Washington expresses readiness to be more “flexible” with Iraq

Washington expresses readiness to be more “flexible” with Iraq

Shafaq News/ Iraq and the United States concluded their meetings in Turkiye to follow up on the financial situation in Baghdad.

The Central Bank of Iraq (CBI) stated that governor Ali Mohsen Ismail and his accompanying delegation concluded their talks with a U.S. delegation headed by the Under Secretary of the Treasury for Terrorism and Financial Intelligence Brian E. Nelson.

Both sides discussed cooperation and coordination between Baghdad and Washington to “achieve exchange rate stability in Iraq.”

The U.S. Treasury expressed readiness to provide more “flexibility” for more economic stability in Iraq.

Both agreed to continue coordination and cooperation until the following meetings in Washington later this February.

It is worth mentioning that the United States has restricted Iraq’s access to its dollars, trying to stamp out what Iraqi officials describe as rampant money laundering that benefits Iran and Syria.

The exchange rate for the Iraqi dinar has jumped to around 1,750 to the dollar at street exchanges, compared to the official rate of 1,460 dinars to the dollar.

Since the 2003 invasion, Iraq’s foreign currency reserves have been housed at the United States Federal Reserve, giving the Americans significant control over Iraq’s supply of dollars. The Central Bank of Iraq requests dollars from the Fed and then sells them to commercial banks and exchange houses at the official exchange rate through a mechanism known as the “dollar auction.”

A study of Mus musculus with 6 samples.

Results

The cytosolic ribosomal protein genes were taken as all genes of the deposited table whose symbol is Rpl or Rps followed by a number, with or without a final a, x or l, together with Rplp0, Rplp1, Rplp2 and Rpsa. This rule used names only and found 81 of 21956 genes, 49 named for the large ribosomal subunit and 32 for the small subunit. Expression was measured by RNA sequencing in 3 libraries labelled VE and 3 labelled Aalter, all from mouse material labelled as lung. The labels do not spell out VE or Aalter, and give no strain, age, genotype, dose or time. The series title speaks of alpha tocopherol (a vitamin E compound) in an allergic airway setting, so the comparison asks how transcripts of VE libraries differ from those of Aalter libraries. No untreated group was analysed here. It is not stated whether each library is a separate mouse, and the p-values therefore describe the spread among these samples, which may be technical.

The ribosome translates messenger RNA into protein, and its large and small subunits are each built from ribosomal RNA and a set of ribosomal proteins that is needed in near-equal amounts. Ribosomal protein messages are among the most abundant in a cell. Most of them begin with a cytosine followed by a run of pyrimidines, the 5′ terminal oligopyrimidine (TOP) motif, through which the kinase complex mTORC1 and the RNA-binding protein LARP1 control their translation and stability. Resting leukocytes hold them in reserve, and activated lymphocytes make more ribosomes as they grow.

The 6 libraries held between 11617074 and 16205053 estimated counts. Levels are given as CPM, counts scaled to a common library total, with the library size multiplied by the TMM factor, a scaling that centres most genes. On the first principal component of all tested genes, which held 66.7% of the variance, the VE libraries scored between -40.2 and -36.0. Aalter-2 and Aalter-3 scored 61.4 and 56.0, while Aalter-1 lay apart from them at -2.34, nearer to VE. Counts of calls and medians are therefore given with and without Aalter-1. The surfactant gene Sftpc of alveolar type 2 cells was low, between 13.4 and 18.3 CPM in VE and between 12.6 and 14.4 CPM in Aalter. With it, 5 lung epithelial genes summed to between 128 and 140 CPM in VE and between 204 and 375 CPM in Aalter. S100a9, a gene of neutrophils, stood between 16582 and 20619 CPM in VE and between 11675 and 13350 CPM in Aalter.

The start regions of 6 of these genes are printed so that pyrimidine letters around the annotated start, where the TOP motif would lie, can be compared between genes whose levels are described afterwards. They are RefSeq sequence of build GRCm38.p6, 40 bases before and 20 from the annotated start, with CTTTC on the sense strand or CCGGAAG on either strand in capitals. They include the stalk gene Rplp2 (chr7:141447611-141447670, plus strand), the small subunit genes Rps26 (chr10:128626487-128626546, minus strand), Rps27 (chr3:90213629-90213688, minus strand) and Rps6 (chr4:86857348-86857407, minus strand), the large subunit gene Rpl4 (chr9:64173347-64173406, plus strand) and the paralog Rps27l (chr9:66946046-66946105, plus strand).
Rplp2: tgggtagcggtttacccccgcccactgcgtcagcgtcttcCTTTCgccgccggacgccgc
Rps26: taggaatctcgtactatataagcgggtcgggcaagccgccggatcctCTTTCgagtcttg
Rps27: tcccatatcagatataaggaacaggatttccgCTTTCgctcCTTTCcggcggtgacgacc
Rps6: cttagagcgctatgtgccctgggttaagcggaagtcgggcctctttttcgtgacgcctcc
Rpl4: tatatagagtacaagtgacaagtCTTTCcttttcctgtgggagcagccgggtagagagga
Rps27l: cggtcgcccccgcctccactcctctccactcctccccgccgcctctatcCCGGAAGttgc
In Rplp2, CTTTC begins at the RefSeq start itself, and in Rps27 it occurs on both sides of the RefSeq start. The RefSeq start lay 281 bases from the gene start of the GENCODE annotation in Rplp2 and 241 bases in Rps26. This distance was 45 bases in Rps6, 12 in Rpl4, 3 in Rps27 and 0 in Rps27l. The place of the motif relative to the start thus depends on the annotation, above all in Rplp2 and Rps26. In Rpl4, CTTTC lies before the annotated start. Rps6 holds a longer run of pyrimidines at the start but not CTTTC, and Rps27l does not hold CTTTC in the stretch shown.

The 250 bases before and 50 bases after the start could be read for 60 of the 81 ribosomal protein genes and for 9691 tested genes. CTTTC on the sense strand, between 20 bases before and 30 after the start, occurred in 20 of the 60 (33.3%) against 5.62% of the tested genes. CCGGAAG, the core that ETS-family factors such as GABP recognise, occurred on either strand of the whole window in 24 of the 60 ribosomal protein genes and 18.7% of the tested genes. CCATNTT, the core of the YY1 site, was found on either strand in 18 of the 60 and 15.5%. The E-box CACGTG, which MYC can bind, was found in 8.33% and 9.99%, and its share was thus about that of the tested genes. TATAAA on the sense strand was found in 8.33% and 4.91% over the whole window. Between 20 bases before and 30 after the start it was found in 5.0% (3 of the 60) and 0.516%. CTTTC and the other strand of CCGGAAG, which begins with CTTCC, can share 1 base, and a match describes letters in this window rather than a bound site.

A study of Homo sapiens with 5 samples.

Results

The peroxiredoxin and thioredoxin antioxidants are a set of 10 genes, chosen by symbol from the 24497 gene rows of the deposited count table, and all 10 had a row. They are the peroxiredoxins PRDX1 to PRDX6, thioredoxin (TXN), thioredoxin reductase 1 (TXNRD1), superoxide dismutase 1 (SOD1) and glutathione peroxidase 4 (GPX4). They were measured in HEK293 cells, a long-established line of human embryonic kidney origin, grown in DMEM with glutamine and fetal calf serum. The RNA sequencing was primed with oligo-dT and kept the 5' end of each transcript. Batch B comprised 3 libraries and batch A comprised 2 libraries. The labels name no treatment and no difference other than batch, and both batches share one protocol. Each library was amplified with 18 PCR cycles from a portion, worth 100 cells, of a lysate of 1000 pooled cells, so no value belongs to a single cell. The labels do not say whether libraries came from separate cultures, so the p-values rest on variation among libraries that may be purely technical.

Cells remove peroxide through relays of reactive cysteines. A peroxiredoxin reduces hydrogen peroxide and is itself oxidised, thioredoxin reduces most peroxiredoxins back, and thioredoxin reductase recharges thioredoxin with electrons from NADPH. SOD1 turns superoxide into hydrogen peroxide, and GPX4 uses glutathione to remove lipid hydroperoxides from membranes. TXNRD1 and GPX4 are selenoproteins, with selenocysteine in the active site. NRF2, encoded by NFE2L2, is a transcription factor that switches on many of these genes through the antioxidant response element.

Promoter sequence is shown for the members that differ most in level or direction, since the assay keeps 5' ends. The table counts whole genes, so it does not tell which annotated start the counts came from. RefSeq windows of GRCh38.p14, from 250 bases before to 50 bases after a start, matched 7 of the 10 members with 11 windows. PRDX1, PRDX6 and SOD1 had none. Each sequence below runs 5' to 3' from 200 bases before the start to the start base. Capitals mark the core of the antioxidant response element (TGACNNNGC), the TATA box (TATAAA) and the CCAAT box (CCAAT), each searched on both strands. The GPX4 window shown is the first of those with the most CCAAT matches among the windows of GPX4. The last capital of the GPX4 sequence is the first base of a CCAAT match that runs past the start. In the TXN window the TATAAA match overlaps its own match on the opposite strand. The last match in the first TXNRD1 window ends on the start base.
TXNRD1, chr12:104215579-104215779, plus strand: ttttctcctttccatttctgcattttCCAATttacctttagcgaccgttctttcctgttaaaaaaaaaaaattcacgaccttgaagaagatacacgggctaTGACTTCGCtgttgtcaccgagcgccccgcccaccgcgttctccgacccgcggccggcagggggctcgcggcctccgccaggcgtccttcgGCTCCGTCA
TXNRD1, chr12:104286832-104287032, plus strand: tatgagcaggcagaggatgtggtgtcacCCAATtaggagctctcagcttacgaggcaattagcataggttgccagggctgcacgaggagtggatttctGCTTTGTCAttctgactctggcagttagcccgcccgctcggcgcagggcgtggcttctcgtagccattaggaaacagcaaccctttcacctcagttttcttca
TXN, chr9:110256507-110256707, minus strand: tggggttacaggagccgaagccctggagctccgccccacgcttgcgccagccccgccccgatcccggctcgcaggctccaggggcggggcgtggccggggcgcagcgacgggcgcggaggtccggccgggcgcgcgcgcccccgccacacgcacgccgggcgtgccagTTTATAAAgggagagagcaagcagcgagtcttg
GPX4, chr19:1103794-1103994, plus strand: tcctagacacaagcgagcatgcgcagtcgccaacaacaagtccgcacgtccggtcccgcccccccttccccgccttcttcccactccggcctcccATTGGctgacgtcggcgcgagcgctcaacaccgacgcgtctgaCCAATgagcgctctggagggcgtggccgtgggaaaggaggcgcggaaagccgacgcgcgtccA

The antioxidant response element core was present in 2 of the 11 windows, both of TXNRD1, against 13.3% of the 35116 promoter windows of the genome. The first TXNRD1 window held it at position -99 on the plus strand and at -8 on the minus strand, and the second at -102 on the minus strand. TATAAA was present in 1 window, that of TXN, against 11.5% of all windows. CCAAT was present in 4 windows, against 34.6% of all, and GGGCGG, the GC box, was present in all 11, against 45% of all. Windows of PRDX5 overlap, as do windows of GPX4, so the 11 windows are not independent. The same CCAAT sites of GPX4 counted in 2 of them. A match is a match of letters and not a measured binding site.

In the past, daily sales through the auction often exceeded $200 million per day.

Ostensibly, most of the dollars sold in the auction are meant to go to purchases of imported goods from Iraqi companies. Still, the system has long been porous and easily abused, multiple Iraqi banking and political officials told The Associated Press.

U.S. officials confirmed to the AP that they suspected the system was used for money laundering but declined to comment in detail on the allegations or the new restrictions.

For years, large quantities of dollars were transferred out of the country to Turkey, the United Arab Emirates, Jordan, and Lebanon through “gray market trading, using fake invoices for overpriced items,” a financial adviser to the Iraqi prime minister said to AP, speaking on condition of anonymity because he was not authorized to discuss the matter publicly.

He said that the inflated invoices were used to launder dollars, with most of them sent to Iran and Syria, which are under U.S. sanctions, leading to complaints from American officials.